When should you commit to purchasing a property?  When you can afford to! I’m not just talking about the financial commitment; I’m also talking about the time and emotional commitment. Yes, that’s right, ‘emotional’ commitment.  Having said that, the faster you enter the property market, the faster you start reaping the rewards, from capital gain and net worth.

How do you prepare yourself for this journey? 

  1. Be financially prepared  
  2. Be aware  
  3. Be patient  
  4. Be flexible  
  5. Be diligent  

Be Prepared:

For each property transaction, you will need to be financially prepared; by that I mean get your finances in order before you choose a property. This means obtaining pre-approval from your financial lending institution. There is nothing more stressful than signing a contract and waiting for a bank to provide the approval. Be aware of the extra costs and include them in your budget.  

There is help saving for your deposit:

Buying a house is exciting and life-changing. What's not quite as much fun is saving for the deposit.  The government have come up with a scheme to help you save to get that deposit faster.  Keep in mind, the more money you put down upfront, the less you'll have to borrow. 

The First home super saver (FHSS) scheme was introduced by the Australian Government in the Federal Budget 2017–18 to reduce pressure on housing affordability. The FHSS scheme allows you to save money for your first home inside your superannuation fund. This will help first home buyers save faster with the concessional tax treatment of super.  Go to the website to see if you are eligible.

Avoid unpleasant surprises such as:

  1. Mortgage Insurance
  2. Stamp Duty  
  3. Legal Costs  
  4. Insurances  
  5. Holding costs
  6. Body Corporate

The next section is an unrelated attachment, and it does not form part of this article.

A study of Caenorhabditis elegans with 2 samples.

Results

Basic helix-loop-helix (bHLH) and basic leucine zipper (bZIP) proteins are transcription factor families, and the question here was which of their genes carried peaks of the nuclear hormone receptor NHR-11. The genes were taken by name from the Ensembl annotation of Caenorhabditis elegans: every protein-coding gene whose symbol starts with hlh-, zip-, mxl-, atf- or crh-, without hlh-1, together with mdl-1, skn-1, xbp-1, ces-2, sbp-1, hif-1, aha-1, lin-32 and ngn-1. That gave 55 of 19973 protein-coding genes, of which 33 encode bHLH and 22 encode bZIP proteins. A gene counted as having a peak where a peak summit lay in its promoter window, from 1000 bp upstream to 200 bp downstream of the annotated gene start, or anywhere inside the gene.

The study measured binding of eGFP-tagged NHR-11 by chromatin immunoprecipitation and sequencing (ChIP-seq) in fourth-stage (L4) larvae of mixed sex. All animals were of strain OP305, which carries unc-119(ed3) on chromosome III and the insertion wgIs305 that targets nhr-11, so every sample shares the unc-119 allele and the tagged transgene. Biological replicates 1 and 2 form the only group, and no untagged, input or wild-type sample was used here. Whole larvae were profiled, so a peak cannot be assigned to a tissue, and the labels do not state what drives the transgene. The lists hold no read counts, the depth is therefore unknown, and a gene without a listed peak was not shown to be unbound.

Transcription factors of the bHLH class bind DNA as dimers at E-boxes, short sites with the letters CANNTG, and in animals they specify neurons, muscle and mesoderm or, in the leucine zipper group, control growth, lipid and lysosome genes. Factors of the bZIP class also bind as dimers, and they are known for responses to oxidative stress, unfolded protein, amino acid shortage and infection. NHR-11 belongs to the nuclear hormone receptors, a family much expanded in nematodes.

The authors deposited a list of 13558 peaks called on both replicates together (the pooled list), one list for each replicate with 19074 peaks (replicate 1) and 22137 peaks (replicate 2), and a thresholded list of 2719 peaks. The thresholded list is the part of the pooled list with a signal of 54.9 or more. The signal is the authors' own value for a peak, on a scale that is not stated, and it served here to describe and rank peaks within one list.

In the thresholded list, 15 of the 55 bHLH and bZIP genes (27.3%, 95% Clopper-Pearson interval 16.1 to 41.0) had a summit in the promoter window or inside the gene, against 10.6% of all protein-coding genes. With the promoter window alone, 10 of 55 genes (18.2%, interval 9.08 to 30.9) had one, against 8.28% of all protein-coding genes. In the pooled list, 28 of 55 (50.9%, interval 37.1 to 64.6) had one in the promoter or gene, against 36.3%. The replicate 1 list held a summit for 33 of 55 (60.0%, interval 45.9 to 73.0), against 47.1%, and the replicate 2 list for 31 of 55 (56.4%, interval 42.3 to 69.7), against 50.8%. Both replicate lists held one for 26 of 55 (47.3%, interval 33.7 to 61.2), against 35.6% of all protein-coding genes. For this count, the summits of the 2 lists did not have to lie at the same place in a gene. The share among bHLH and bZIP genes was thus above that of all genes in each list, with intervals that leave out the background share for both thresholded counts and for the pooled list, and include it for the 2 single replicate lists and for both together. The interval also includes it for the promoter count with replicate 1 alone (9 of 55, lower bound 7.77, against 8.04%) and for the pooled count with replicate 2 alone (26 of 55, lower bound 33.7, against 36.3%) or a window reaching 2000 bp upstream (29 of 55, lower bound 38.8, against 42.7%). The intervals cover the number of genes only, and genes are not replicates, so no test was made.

7. Accounting Fees 
  8. Ongoing costs; repairs
  9. Hire a quantity surveyor for depreciation and taxation requirements on investment properties

If you are expecting to cover the holding costs from a tax refund, then make sure that you can handle the month to month holding costs while you wait for your end of tax year pay day. Alternatively, talk to your accountant about a tax variation, which could help you with your monthly budget.  

Be Patient: 

if you are intending on buying rental properties unless they are rented before you settle, be patient and find the best tenant. It is so important to avoid the costs associated with poor tenant selection.  

Be Flexible:

Do your due diligence and don’t be rushed into a buying decision. Also, try to control your emotional attachment to the property, and focus on the financial performance instead. 

Be a long-term investor:

The property market rarely moves quickly. REMEMBER; slow and steady wins the race. We spend hours finding the perfect property, taking into account, the market and your needs so we can match up your long-term financial goals.  

Most importantly, never stick your neck out too far that you can’t afford to hold onto your properties.